For many years, Europeans and North Americans have largely been insulated from international turmoil. Although targeted by a few horrendous terror attacks and buffeted by oil shocks, the numerous wars and outbreaks of violence in parts of Asia, Africa and the Middle East generally did not reach the West.
As a result, many came to believe that they were the leading edge of a historic and universal revolution, in which the remaining pockets of war would be isolated and then eliminated. In universities, students were taught that violence between nations, including terrorism, could be cured, like a disease, by overcoming economic, social and psychological “root causes.” Belief in international law and negotiations, regardless of the situation, replaced the practice of meeting force with force, while defence and deterrence were said to be passé and unacceptable. Well-intentioned westerners projected their own limited experience on the rest of the world, assuming that tolerance and empathy were universal.
In this spirit, western journalists who wrote about conflicts (particularly involving Israel) focused on human interest stories and victims, reinforcing the dominant mythology. The reality of warring nations and religions, motivated by incitement, hate and revenge, was ignored or self-censored. For example, after adopting the image of Palestinians as victims, thousands of terrorists and rocket attacks were reported only in passing.
As a result, when faced with the brutal war in Syria that triggered the massive outflow of refugees, western leaders have only been able to shake their collective heads and call for calm. Numerous peace conferences and lofty United Nations resolutions ended, predictably, without impact.
In Europe, where most of the refugees land after crossing the Mediterranean, the debate focuses on helping the victims. But the generous immigration policies, including the agreement of the United States and Canada to accept a few thousand refugees, are little more than Band-Aids. As long as the war between the Assad regime (aided by Hezbollah, Iran and Russia) and the Sunnis led by ISIS (with help from Qatar and Saudi Arabia) continues, there will be many more casualties and refugees.
However, the wishful thinking that erased war and deterrence from policy options available for western democracies remains a major problem. In other parts of the world, and the Middle East in particular, the inherent anarchy of international politics – what the 16th-century political philosopher Thomas Hobbes called “the state of nature” and the “war of all against all” – continues unabated. The calm that characterizes Europe and North America are exceptions, reflecting the devastation of two world wars and the horrors of the Holocaust.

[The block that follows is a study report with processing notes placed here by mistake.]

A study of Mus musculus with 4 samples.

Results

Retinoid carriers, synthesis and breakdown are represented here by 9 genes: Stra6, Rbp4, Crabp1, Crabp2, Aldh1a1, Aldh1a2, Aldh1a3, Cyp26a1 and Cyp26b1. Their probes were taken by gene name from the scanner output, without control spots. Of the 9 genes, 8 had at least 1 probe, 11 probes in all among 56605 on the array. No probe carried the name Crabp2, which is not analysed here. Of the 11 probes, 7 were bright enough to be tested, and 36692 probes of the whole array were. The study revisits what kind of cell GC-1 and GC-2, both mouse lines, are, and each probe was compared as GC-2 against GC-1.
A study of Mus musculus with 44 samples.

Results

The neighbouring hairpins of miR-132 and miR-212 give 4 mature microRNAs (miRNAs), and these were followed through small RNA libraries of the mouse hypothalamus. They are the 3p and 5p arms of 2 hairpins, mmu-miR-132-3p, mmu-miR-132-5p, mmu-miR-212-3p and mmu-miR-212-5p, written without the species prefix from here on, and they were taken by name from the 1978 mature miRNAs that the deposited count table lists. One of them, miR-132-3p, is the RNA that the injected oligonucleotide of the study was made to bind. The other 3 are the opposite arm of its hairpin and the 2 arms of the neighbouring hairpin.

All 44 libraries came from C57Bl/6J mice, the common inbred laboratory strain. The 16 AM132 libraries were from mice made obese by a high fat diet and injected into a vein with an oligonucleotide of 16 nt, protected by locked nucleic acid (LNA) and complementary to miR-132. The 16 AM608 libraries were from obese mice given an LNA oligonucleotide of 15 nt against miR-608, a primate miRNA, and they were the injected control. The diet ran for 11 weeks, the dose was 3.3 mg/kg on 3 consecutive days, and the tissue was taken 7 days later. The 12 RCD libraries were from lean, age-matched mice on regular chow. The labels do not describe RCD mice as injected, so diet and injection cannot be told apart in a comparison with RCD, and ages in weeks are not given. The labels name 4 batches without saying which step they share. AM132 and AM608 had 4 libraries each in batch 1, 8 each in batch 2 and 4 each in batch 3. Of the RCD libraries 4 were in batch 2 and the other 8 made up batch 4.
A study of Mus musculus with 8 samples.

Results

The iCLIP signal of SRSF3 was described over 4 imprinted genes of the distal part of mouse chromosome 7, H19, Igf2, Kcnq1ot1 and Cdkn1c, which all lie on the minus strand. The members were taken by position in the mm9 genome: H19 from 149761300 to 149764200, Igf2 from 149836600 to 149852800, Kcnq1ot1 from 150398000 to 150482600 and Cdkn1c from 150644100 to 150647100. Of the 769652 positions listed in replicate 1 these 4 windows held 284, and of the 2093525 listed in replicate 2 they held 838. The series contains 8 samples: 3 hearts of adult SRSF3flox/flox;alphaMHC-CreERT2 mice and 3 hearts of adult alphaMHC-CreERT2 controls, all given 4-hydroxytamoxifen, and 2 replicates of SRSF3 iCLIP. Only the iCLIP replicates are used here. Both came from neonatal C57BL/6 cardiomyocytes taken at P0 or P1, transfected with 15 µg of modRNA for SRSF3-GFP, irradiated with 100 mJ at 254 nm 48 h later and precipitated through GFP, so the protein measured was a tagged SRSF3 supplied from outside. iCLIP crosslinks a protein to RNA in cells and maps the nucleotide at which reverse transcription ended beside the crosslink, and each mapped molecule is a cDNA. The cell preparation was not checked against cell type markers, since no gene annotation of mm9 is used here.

In contrast, in the Middle East, Asia and other regions of the world, the best that can be achieved is a stability based on strong armies and mutual deterrence. The deadly anarchy in Syria, Iraq, Libya and other areas neighbouring Israel demonstrates that weak and isolated peoples and nations become inviting targets for destruction, as in the case of the Yazidis, Christians, and other minorities. Sunnis living near Shiite power centres, and Shiites caught in the path of ISIS, are equally vulnerable, and have joined the flood of refugees seeking to survive.
This has always been the reality that Israel has faced, and is the main obstacle to a serious and stable peace, as imagined by western diplomats, academics and other well-intentioned analysts. For most Israelis, who can watch the attacks and counterattacks between the various armed groups and terrorists along the Syrian and Lebanese borders, the importance of a strong defence is obvious. And while the military regime in Egypt is criticized for violating human rights, the priority of effective responses to terrorist groups that control large parts of the Sinai is also understandable. As the impact of these wars spread to the West, and the comfort zones based on myths of universal peace begin to crumble, perhaps the reality that Israel faces will be better understood.